Tony Romo: Dak Prescott being ‘a good kid’ helped ease tensions
Dak Prescott burst on to the scene as a rookie quarterback and his success left the Dallas Cowboys no choice but to tab him as the team’s starting quarterback, even as Tony Romo returned to health last season. It obviously made for an incredibly awkward situation for both Romo and Prescott, not to mention the entire Cowboys organization.
Romo of course was confronted with his own football mortality as Prescott prospered, and the machinations of the situation ultimately resulted in the veteran signal-caller calling it a career. Romo officially announced his retirement this week and was subsequently announced as the lead NFL game analyst with CBS Sports.
Prescott earlier this week had nothing but great things to say about Romo, both as a teammate and mentor as well as a budding broadcaster. Thursday marked Romo’s opportunity to return the niceties, saying Prescott being “a good kid” helped make the tough situation somewhat easier to process.
“It probably wouldn’t have went the same way if Dak wasn’t, you know, a good kid,” Romo said on Mike Kryzyzewski’s SiriusXM show, “Basketball and Beyond,” as transcribed by The Dallas Morning News. “He’s very respectful. He’s someone that wants to learn.”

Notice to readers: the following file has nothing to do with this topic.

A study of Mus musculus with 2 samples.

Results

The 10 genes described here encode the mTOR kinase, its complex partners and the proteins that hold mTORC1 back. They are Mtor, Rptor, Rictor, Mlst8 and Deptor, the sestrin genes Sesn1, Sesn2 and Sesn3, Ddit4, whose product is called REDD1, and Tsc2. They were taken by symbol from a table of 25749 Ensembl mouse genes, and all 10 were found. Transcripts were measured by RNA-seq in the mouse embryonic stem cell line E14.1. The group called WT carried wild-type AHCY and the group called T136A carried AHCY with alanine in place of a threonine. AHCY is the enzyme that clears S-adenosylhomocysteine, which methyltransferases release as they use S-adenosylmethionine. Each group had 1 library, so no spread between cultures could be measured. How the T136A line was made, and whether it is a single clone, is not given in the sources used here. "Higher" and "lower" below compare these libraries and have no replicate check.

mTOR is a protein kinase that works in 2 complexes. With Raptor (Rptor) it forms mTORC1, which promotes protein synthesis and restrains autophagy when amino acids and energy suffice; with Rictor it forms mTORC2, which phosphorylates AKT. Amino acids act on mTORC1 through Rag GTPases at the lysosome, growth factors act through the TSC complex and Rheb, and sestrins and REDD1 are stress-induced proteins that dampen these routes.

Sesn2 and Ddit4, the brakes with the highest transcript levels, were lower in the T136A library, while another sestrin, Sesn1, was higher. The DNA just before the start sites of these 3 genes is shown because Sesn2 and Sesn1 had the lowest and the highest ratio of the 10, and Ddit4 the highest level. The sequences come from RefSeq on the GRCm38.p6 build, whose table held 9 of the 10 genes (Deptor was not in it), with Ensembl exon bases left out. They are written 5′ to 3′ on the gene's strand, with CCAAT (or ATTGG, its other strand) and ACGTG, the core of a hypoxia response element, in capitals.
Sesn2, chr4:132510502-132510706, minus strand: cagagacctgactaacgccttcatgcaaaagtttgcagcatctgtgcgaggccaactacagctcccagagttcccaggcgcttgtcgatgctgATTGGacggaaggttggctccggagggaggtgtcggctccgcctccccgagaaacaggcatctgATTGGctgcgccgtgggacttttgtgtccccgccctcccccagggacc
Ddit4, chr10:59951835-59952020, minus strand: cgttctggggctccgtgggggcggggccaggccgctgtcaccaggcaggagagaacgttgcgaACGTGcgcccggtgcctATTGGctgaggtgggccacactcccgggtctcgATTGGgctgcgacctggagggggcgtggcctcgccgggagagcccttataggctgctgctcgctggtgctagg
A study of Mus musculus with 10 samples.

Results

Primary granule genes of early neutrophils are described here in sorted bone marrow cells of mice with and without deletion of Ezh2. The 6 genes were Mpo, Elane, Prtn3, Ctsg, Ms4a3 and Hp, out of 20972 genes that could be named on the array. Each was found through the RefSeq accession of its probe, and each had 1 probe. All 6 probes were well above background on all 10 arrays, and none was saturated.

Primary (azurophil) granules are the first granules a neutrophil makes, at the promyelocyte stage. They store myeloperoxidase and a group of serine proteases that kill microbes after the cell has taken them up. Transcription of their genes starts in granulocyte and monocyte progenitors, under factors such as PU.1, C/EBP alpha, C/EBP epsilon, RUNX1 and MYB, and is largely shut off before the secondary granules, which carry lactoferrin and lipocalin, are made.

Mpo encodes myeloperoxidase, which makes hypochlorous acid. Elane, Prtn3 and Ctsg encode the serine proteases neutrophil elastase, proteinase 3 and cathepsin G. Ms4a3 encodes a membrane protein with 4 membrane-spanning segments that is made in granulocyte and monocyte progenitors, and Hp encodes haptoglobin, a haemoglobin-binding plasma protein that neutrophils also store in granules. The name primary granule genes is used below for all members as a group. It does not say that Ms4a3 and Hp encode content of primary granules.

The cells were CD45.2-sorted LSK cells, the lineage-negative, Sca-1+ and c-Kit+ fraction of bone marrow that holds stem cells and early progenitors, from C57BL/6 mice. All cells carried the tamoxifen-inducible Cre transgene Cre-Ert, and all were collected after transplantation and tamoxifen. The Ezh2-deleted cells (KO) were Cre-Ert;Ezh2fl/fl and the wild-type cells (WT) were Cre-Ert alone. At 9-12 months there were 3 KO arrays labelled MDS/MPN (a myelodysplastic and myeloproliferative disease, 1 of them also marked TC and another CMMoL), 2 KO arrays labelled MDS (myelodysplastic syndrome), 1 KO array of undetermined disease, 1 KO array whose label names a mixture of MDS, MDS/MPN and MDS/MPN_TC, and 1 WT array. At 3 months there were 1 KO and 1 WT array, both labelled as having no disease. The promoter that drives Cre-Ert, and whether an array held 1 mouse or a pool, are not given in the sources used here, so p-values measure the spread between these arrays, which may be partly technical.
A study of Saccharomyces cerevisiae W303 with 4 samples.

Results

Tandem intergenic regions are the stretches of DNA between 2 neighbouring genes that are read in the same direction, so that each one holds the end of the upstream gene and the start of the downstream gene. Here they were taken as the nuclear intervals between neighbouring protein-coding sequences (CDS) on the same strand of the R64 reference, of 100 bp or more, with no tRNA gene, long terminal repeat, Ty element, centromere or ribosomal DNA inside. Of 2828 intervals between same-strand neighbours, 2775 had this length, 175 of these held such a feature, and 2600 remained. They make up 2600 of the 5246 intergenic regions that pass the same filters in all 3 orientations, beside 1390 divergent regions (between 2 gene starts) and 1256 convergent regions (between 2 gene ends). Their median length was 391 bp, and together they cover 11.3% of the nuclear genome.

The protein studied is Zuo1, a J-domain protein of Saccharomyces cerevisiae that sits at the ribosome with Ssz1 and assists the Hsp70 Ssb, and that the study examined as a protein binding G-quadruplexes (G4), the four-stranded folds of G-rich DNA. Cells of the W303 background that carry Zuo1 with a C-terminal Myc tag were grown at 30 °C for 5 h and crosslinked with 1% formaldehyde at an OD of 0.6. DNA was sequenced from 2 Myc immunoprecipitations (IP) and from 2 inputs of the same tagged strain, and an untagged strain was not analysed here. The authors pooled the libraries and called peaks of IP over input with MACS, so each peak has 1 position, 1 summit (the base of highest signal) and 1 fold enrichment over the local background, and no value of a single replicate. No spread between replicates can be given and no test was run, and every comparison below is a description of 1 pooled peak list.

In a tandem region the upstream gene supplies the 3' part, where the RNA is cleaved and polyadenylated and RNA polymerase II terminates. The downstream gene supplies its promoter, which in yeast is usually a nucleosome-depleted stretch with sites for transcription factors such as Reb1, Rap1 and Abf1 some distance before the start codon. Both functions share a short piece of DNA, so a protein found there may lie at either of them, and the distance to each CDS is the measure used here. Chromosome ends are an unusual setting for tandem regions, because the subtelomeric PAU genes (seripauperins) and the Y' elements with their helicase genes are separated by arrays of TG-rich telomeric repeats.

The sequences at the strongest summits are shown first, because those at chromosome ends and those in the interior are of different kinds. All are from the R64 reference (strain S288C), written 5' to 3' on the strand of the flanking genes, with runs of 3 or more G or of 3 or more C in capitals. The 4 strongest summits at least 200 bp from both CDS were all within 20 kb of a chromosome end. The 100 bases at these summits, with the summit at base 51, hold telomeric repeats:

Romo, even if Prescott’s arguably surprising emergence as a franchise-level quarterback ushered in the ultimate end to his career, says he’ll continue to support the young signal-caller.
“If you really just care about football… I’m going to root for you, I’m going to want to see you succeed and I’m gonna want to go out of my way to help you,” Romo said. “He has an appetite to want to be great and he’s got a skillset that’s good.
“I think he’s just going to continue to develop it.”
A report surfaced this week that suggested Romo felt “let down” by Cowboys head coach Jason Garrett over not getting the chance to reclaim his job. While that may be true, Romo is making sure that at least publicly, he doesn’t say anything to call into question how Prescott conducted himself during the awkward transition.